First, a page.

BY TIJS BESIEUX. Hong Kong’s revolt was not unexpected. In this blog I’ll explain why the Hong Kong revolt is long overdue, and why the government’s strategy to wait out protesters won’t lead to sustainable stability.
On the left, a €160.000 Lamborghini Gallardo sports car is tucked away in a tight parking spot. On the right a young woman is bound to transport a cylinder, traditionally used to fuel the gas furnace at home, on her bicycle. Both worlds are separated by a fence which is just ajar.
I came across this scene during a research stay at the Lingnan University back in 2013. My scholarly interest in leadership, combined with the inspiring society that Hong Kong is, led to the writing of an article that seems to be particularly relevant nowadays.
The Sky is the Limit
Since the United Kingdom ‘handed over’ its strategic gateway to Eurasian trade in 1997, the Hong Kong economy continued to soar, and is recognized as the officious financial heart of Asia. Being the world’s most liberal capital market, its numerous and colossal skyscrapers seem to be a metaphorical reminder of the region’s big idea: the sky is the limit. Against that backdrop, Hong Kong can boast with key economic indicators that are admirable, especially in an era marked by the Great Recession:
- an annual ‘Gross Domestic Product’ growth of approximately 4.8% during the past decade,
- a current unemployment rate of 3.3%,
- a GDP of $52,300 per capita (making it the tenth highest scoring country in the world, Belgium is ranked 24), and
- a life expectancy at birth of 83 years.
From that perspective, Hong Kong could rightfully claim the title of ‘roaring engine of the East’.
Every Coin has Two Sides
However, below the surface of these impressive numbers, one finds a different reality, in which a considerable wealth gap illustrates the brittleness of the Hong Kong society. In fact, 1.4 million people live under the poverty line, being 20% of its more than seven million inhabitants. Further, a doubling of the home prices since 2009 impedes those who pursue social upward mobility. As an example, one pays an average monthly rent of €1.685 for a single bedroom apartment. Yes, a single bedroom apartment. Leuven doesn’t seem so bad anymore, does it?
Moreover, the income inequality surpassed a certain benchmark for analysts to label it as ‘at risk for social unrest’. Hong Kong’s current Gini index, a widely used measure for income inequality, of 0.5 is well above the 0.4 threshold.
Raw Capitalism Wearing a Communist Costume
A ‘Special Administrative Region’ to the People’s Republic of China, Hong Kong resides under the strict supervision of Beijing. As such, the Chinese Communist Party exerts a certain power –both formal and informal– over the election process of the Hong Kong Chief Executive, a suitable name for the man or woman in charge of the vibrant international business hub that Hong Kong has become.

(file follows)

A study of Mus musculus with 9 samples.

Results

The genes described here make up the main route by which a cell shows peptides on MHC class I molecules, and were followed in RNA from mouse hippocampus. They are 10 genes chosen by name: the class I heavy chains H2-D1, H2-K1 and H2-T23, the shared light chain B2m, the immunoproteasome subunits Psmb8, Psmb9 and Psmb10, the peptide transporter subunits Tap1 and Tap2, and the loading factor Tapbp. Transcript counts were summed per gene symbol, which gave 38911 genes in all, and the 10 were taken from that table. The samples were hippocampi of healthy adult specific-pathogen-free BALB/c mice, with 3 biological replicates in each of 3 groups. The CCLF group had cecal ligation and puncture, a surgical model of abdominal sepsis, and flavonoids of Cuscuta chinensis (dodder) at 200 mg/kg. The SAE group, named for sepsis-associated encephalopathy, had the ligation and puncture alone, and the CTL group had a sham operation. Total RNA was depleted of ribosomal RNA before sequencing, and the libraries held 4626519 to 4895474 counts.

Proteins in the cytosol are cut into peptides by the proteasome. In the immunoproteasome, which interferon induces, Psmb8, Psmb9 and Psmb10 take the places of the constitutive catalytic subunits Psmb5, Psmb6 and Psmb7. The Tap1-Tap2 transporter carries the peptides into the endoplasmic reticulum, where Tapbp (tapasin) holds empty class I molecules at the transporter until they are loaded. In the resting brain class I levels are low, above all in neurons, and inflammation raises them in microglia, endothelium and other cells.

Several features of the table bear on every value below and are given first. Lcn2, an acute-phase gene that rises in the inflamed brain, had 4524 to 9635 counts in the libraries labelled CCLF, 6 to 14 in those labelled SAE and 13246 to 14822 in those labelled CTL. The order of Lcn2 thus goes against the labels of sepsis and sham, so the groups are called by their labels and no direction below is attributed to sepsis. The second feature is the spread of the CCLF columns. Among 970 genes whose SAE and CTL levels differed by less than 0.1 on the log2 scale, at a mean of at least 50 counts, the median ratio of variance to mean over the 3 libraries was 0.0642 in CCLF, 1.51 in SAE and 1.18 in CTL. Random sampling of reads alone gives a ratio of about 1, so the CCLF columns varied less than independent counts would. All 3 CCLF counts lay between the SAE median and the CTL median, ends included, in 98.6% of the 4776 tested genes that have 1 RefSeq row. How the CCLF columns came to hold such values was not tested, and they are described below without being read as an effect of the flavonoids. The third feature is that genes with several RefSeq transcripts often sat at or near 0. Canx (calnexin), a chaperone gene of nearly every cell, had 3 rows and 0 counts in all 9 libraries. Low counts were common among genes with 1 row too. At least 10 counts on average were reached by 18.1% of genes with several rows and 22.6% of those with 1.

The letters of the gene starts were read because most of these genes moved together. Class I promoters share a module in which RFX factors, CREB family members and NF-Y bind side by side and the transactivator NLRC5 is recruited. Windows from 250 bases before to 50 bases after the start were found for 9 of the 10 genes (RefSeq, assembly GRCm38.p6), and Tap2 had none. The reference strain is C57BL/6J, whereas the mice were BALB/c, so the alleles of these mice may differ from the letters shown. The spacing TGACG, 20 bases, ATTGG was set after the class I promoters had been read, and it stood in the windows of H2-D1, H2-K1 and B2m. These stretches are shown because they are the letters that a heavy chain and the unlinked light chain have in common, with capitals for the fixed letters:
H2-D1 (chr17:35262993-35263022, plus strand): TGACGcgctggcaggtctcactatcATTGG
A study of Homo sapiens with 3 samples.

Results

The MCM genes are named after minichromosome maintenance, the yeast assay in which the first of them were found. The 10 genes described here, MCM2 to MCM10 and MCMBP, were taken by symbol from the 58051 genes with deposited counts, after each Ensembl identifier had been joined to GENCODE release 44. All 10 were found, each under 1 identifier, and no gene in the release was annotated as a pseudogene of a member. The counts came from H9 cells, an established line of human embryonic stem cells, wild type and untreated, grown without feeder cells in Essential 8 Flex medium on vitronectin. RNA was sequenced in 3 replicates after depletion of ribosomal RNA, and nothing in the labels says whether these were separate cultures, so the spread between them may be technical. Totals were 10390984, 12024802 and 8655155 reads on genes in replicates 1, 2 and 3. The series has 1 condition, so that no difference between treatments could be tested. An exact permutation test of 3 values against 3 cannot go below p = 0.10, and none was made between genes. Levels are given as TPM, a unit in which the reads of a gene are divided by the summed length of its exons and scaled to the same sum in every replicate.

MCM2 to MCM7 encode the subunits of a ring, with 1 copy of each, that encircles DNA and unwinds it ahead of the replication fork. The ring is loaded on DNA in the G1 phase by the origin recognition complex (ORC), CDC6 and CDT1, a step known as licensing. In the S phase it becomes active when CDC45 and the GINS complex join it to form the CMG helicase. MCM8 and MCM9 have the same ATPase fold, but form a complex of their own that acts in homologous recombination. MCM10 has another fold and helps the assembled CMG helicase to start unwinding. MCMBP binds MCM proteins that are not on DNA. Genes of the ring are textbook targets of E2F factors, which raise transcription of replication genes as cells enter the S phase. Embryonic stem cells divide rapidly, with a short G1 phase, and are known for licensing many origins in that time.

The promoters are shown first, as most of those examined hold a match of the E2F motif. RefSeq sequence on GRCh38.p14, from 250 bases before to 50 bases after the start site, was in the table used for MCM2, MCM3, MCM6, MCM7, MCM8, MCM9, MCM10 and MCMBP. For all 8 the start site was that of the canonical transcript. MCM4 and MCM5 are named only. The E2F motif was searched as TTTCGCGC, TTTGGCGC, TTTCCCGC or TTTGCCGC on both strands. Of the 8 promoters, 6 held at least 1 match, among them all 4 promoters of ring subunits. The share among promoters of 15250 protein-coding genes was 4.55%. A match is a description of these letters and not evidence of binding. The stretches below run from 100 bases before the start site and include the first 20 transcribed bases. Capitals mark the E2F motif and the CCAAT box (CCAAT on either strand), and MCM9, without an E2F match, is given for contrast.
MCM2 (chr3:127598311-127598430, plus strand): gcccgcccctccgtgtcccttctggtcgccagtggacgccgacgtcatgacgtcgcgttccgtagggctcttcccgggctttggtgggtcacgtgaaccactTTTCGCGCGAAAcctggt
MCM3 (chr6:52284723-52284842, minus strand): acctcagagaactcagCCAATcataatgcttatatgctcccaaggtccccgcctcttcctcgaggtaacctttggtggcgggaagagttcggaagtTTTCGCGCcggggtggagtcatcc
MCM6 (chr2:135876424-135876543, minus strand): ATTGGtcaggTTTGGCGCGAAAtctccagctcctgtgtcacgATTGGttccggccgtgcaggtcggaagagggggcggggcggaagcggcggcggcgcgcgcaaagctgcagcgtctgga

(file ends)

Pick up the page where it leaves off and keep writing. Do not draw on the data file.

The election process is often perceived by the Hong Kong citizens as lacking credibility, pointing out the predicament of China’s ‘one country, two systems’ credo which hampers the case for a truly democratic Hong Kong.
The core conflict, which dramatically escalated during the past month under the ‘umbrella revolution’, lies in the perception of ‘procedural justice’. Procedural justice refers to the perception that people have of how fair certain rules or codes of conduct are.
For instance, image that you and a colleague student fill out the same answers on a multiple choice answer. However, you both get different grades, even though the answer sheets look exactly the same. Odds are high –especially when you got the lower grade– that you will perceive the procedure leading to your grade as unfair, and hence take action towards the professor or the ombudsman.
In the particular case of the umbrella revolution, the Hong Kong masses became (and have long been) fed up with the ‘illusion of democracy’, and decided to take action and occupied large parts of the city center. Indeed, they perceive that the current procedures applied in order to elect a new Chief Executive are not just. From that perspective, it becomes obvious that the umbrella revolution cannot simply be folded by waiting out the protesters. The issue is fundamental in nature, and needs to be addressed as such.
The Road Not Taken
Hong Kong is a crossing road where various religions, economic systems, and cultures have collided for many centuries. This remarkable heritage has brought forward a people that is known for their entrepreneurship, vigor, and a certain joie de vivre. I will remain on the edge of my seat to observe how the Hong Kong people will take on these vast challenges ahead.
Given the recent happenings, Hong Kong now has the unique opportunity to set an example for global prosperity. By negotiating properly, this particular region can inspire our globalizing world in terms of integrating interests from a variety of stakeholders, each representing different domains of an interconnected society. Let’s hope for Hong Kong to take the road not taken.